Israel’s Knesset Guarantees Government Power-Sharing Deal
Naftali Bennett and Yair Lapid push through controversial amendment to country’s basic laws; experts warn that regular changes to the quasi-constitution are harmful
Israel’s Knesset passed legislation to guarantee a rotation government between Prime Minister Naftali Bennett’s Yamina party and Foreign Minister Yair Lapid’s Yesh Atid party late on Tuesday after a 15-hour debate.
In the last of its three mandatory readings, the bill was approved by a vote of 61-2, with most of the opposition exiting the chamber in protest and boycotting the vote.
The amendment requires that the power-sharing be distributed not only throughout the government, but also across the ministerial committees, and allows the prime minister to appoint two deputy ministers rather than just one.
In addition, the bill reinforces the stability of the rotation government with the condition that any dissolution of the Knesset which occurs during the first half of the government’s term, involving two or more lawmakers allied to the incumbent prime minister, will result in the alternate prime minister assuming the premiership.
This bolsters the strength of Yamina government officials, since if the government collapses due to withdrawal of Yamina support, Yair Lapid will replace Naftali Bennett as prime minister.
However, the legislation which secures the foundations of the rotation government is controversial since it is an amendment of a basic law. Although the use of the term ‘constitution’ to describe the basic laws is disputed, the Knesset notes that the basic laws “will constitute together, with an appropriate introduction and several general rulings, the constitution of the State of Israel.”
As such, political maneuverings that alter the basic laws are perceived by some analysts as reckless.
The basic law that was amended on Tuesday is “Basic Law: The Government,” which was first codified in 1968.
This is indeed an unwelcome development. I think that the basic laws should be entrenched, should not be amended according to the specific agreements between the parties.
Professor Barak Medina, an expert in Israel’s constitutional law at The Hebrew University of Jerusalem, told The Media Line that regular changes to the basic laws are not desirable.
“In my view, this is indeed an unwelcome development. I think that the basic laws should be entrenched, should not be amended according to the specific agreements between the parties,” he said.
Medina said a temporary order to secure the power-sharing arrangement would not be an improvement. “Making this amendment a temporary one is even worse because it reflects the idea that we amend the basic law, which is supposed to be our constitution, just according to our immediate political needs,” he said.
This appears to be the position held by Israel’s High Court, which declined to entertain petitions against the amendment but has hinted on multiple occasions that it disapproves of amending the basic laws due to intragovernmental disputes and alliances.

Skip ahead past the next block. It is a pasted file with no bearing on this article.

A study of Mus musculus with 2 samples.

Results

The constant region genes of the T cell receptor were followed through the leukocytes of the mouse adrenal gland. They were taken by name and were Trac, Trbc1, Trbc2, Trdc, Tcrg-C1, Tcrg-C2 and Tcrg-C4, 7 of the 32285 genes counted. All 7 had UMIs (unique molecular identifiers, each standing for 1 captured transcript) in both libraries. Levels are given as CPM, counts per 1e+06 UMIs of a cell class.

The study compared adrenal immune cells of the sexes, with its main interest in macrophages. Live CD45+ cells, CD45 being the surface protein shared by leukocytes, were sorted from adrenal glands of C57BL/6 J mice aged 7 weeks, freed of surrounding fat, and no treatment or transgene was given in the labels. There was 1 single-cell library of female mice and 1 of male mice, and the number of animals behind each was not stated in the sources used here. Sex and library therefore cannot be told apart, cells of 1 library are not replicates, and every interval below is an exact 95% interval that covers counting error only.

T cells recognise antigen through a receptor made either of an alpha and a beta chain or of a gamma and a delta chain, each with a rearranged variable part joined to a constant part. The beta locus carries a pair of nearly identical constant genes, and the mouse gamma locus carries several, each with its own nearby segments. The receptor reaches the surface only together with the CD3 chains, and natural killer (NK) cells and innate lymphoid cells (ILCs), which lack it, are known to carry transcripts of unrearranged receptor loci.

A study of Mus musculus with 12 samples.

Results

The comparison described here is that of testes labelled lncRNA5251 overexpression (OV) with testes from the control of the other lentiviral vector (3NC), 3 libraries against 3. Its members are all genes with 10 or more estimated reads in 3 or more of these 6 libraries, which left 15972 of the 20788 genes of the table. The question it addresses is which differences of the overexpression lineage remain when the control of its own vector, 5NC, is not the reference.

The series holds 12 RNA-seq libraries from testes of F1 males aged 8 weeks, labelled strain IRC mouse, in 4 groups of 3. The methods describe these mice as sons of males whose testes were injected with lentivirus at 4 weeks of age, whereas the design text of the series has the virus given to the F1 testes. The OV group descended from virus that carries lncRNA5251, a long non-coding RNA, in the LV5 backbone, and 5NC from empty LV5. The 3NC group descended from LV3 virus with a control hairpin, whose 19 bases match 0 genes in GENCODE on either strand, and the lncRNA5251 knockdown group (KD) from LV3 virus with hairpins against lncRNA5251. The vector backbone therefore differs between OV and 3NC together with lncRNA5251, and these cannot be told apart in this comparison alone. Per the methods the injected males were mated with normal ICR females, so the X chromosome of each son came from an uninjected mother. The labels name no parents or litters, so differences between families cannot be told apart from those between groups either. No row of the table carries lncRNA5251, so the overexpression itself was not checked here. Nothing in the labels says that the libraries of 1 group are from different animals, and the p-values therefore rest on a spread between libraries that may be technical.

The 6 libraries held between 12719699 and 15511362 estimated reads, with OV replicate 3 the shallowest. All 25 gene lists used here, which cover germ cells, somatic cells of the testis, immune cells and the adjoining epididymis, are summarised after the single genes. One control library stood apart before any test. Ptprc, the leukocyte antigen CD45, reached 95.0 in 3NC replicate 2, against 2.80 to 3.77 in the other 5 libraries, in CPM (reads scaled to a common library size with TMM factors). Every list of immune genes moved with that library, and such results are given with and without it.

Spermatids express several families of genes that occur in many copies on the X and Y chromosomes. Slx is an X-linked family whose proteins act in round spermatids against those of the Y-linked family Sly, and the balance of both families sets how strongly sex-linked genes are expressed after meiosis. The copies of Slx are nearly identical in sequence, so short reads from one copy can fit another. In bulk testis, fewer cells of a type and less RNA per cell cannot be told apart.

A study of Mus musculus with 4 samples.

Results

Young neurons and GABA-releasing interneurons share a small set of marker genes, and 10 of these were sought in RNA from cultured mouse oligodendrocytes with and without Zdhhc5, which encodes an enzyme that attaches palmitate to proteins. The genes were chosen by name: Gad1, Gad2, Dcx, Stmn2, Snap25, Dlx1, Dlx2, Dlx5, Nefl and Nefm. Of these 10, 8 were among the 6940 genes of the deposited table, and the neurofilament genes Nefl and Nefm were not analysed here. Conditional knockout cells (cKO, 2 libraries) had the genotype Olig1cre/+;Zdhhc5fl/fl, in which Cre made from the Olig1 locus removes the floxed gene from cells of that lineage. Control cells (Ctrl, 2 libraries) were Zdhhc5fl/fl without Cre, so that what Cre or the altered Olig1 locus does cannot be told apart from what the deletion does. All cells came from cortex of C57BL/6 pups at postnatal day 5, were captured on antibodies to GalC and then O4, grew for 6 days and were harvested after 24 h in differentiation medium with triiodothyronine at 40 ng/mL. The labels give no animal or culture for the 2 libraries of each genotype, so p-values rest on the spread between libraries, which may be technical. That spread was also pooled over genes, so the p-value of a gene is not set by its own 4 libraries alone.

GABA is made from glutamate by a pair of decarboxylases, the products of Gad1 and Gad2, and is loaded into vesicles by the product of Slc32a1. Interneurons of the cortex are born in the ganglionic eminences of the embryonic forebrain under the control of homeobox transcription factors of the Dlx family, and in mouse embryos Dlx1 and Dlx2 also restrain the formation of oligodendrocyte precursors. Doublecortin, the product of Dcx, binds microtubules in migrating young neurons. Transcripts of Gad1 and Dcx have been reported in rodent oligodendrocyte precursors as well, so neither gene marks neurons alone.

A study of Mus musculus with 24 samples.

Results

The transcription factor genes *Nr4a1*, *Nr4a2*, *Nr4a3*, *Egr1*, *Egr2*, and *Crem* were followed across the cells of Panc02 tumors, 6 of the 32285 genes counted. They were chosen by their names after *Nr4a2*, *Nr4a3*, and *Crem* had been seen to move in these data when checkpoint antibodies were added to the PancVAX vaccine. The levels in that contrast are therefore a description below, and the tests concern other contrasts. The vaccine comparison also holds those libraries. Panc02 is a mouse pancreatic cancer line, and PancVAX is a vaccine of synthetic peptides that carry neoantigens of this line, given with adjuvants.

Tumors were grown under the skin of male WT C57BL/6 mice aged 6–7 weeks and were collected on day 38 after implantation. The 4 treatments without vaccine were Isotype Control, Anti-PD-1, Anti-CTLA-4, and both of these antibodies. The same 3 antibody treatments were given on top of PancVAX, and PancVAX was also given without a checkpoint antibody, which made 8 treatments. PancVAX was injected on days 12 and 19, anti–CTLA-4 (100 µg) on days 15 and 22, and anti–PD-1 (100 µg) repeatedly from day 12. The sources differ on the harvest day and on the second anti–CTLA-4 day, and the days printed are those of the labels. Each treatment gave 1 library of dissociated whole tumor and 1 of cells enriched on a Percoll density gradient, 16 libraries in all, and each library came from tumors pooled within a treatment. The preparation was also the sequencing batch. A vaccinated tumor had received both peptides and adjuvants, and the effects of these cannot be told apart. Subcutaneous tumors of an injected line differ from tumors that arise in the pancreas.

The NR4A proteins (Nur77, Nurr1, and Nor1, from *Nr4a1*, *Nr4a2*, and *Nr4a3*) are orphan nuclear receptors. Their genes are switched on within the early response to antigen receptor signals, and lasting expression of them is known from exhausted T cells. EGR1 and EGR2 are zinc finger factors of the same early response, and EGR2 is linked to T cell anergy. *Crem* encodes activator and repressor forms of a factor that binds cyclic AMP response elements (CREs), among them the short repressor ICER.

The High Court is now paralyzed by its own precedent, Medina says. “The previous government [Likud-Blue and White] enacted a similar basic law that was enforced during the previous government, and the Supreme Court decided not to strike down this type of legislation, though criticizing it.”
Medina says the opposition boycotted the vote on amending the basic law over politics, not principle “They did just the same when they were in power. I don’t think it’s a matter of principle or something like that. It’s just more politics. They knew they would not be able to prevent it. So, they decided to boycott it,” he said.
Dr. Amir Fuchs, senior researcher at the Israel Democracy Institute, told the Media Line that amending basic laws every time a new government is formed is harmful, and yet successive governments do it because they can.
Indeed, research conducted by the Israel Democracy Institute revealed that Israel amends its constitution more than any country in the world, passing around thirty amendments every ten years, over recent decades.
He told The Media Line that “a big part of the amendments is just because they are good for the specific coalition that is in charge.” He added that constitutional amendments should only go into effect for the next Knesset.
Fuchs outlined some of the problems with the new power-sharing legislation. “For example, that the prime minister cannot fire the ministers. It’s a very basic authority that prime ministers always have,” he said.
Fuchs clarified that it “creates, kind of, a government within a government.”
In theory, power-sharing can be positive, since it dilutes the power of the premier, Fuchs said, but, he pointed out: “When the two sides are constantly bumping their heads together, it’s really a paralyzed government. They can’t pass legislation; this is the small problem. The big problem [in the last government] is that they couldn’t do any nominations. They didn’t nominate a chief for the police for a year. And we didn’t have a permanent chief prosecutor for a lot of time.”
While he recognizes that the current rotation government appears to be cooperating well, Fuchs explains that there always looms the theoretical standstill. “There is always the danger that if there is disagreement, then you reach a situation where the government actually cannot decide anything because the two sides are vetoing each other,” he said.
Aron Rosenthal is a student at the University of Edinburgh and an intern in The Media Line’s Press and Policy Student Program.